Scientist appointed to farming Champion role

LEEDS scientist Tim Benton might not get quoted as widely as the leaders of NFU and CLA but he has become arguably as influential a player in the debate over the future of the Common Agricultural Policy and, come to that, agricultural policy worldwide.

At the start of this month, he became Champion of the Global Food Security programme (GFS) – an official job, funded by government agencies.

The GFS is an attempt by a mighty list of research councils, watchdogs and ministries, to work efficiently together in the spending of half a billion pounds a year on farming-related research. Its Champion is a new appointment, summed up as “co-ordinator and spokesperson” but including a brief to try to fix more private sector partnerships.


In one capacity or another, he was at 14 meetings in Brussels in the week following his latest promotion, discussing the proposed reform of the CAP.

Broadly speaking, he is in favour of the European Commission’s approach – which is to make farm support conditional on environmental effort, rather than to fund stewardship as an optional add-on, which he thinks is excessively complicated.

To make a difference to butterflies, for example, you have to think bigger than one farm at a time, he says.

In case he sounds like a bunny hugger, it is worth mentioning that he last featured in the Yorkshire Post starting an almighty row, in his own circles, by saying the figures were clearly against organic farming. It took up too much space for the yields it gave and did not deliver enough biodiversity to make up for it.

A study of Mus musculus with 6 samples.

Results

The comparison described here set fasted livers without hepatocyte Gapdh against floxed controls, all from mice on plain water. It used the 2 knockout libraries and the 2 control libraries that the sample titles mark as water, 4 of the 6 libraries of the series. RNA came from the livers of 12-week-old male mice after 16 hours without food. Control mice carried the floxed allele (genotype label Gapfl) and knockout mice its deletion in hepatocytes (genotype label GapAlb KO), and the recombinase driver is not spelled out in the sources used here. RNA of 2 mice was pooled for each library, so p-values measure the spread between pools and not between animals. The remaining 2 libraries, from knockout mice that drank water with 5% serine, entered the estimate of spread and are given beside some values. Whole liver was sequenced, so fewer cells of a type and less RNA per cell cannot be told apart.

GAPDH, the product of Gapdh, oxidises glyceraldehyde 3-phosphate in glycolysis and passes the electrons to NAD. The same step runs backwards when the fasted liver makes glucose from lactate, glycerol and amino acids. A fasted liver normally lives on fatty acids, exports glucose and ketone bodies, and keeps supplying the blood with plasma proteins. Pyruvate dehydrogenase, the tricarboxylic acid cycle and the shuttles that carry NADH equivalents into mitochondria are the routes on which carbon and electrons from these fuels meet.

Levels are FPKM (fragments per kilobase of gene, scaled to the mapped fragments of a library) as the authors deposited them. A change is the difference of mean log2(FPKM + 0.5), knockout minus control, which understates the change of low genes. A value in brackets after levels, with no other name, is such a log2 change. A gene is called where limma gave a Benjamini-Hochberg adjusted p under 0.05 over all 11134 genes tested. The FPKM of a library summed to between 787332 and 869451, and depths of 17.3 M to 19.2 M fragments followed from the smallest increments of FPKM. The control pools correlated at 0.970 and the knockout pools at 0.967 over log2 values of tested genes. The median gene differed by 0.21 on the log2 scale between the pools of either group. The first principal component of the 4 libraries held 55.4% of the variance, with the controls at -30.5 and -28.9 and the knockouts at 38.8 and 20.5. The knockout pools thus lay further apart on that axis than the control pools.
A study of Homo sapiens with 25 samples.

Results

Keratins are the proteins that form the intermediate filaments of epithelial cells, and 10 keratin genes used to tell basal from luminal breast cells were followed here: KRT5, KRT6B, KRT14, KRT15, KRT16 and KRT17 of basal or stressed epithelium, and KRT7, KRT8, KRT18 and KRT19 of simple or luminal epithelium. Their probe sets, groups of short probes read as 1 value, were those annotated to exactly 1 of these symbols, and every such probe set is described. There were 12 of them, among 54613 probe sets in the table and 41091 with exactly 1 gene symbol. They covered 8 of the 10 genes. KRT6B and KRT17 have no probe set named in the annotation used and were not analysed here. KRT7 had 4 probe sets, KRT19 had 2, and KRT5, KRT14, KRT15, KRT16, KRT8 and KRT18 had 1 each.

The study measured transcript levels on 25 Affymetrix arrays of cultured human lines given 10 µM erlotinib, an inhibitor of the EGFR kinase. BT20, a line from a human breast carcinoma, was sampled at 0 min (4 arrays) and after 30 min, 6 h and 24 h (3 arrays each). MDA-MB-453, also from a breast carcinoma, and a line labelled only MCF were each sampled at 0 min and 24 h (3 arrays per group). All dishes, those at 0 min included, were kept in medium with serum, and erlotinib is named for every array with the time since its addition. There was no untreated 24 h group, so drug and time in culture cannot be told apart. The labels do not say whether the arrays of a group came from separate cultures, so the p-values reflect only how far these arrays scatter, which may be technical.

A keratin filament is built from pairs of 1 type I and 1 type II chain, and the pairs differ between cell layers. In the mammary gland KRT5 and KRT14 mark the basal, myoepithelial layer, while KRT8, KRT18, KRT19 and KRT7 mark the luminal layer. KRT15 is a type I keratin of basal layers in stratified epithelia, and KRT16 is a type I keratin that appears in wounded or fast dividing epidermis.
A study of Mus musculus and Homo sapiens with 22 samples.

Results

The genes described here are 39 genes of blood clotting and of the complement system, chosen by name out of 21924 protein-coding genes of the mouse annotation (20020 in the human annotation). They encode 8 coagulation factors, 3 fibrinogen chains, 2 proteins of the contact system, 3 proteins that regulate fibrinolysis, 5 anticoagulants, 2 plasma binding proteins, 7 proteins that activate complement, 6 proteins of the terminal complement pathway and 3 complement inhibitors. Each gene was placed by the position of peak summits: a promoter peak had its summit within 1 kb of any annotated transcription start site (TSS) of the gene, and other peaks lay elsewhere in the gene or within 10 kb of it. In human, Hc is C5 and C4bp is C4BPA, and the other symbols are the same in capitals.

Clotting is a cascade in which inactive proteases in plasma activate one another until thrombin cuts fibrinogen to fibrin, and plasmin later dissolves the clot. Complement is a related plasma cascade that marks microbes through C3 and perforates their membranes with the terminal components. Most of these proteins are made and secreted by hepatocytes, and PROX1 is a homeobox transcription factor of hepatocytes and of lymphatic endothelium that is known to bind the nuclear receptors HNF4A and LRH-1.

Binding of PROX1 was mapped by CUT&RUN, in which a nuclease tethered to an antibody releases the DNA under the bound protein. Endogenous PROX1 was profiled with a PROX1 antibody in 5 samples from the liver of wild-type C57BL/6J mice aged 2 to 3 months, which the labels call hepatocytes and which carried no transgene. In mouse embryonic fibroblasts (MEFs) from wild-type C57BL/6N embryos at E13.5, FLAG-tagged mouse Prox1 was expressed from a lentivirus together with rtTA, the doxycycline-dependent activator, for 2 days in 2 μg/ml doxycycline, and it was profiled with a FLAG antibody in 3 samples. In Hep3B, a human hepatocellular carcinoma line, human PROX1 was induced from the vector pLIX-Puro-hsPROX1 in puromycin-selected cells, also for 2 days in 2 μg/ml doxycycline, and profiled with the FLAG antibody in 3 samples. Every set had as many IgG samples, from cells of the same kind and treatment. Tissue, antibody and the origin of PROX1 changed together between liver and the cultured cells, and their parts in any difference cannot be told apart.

When we called him last week, he talked about being impressed by a farm manager he met in Norfolk who shared his concern about soil conservation – which he thinks is key to sustainability.

“This chap runs ran four farms, so he was big enough to farm fast and lightly,” said Prof. Benton. “He had the machinery to get on and off the land without causing compaction damage. I am not saying all farms should be big but I think there is room for more collaboration between smaller farms so they can take full advantage of technology.”

He is less than hostile to GM – “There is no silver bullet but it is probably part of the solution.”

He runs a blog at and welcomes comment on his views. In that blog, commenting on his appointment by the GFS, he said: “Meeting the growing demands for both food and sustainability... must combine agricultural science, farming management, trade-offs between ecosystem services and agricultural production and a wide range of social issues concerning behaviour, consumption, economics and global trade.

“My own view is that sustainable intensification is possible: i.e. maintaining or increasing production whilst increasing sustainability. One route to removing the tension is with the concept of sustainable farming landscapes, instead of sustainable fields or farms. You potentially get more production and more ecosystem services out of a landscape with a mix of intensive farms and land managed for ecology, rather than from a landscape entirely managed extensively.

“We need agriculture to be both high yielding and sustainable; the good news is that routes to this destination do exist.”

He lives on a small farm near Ilkley and would like to run his own sheep there when he has time.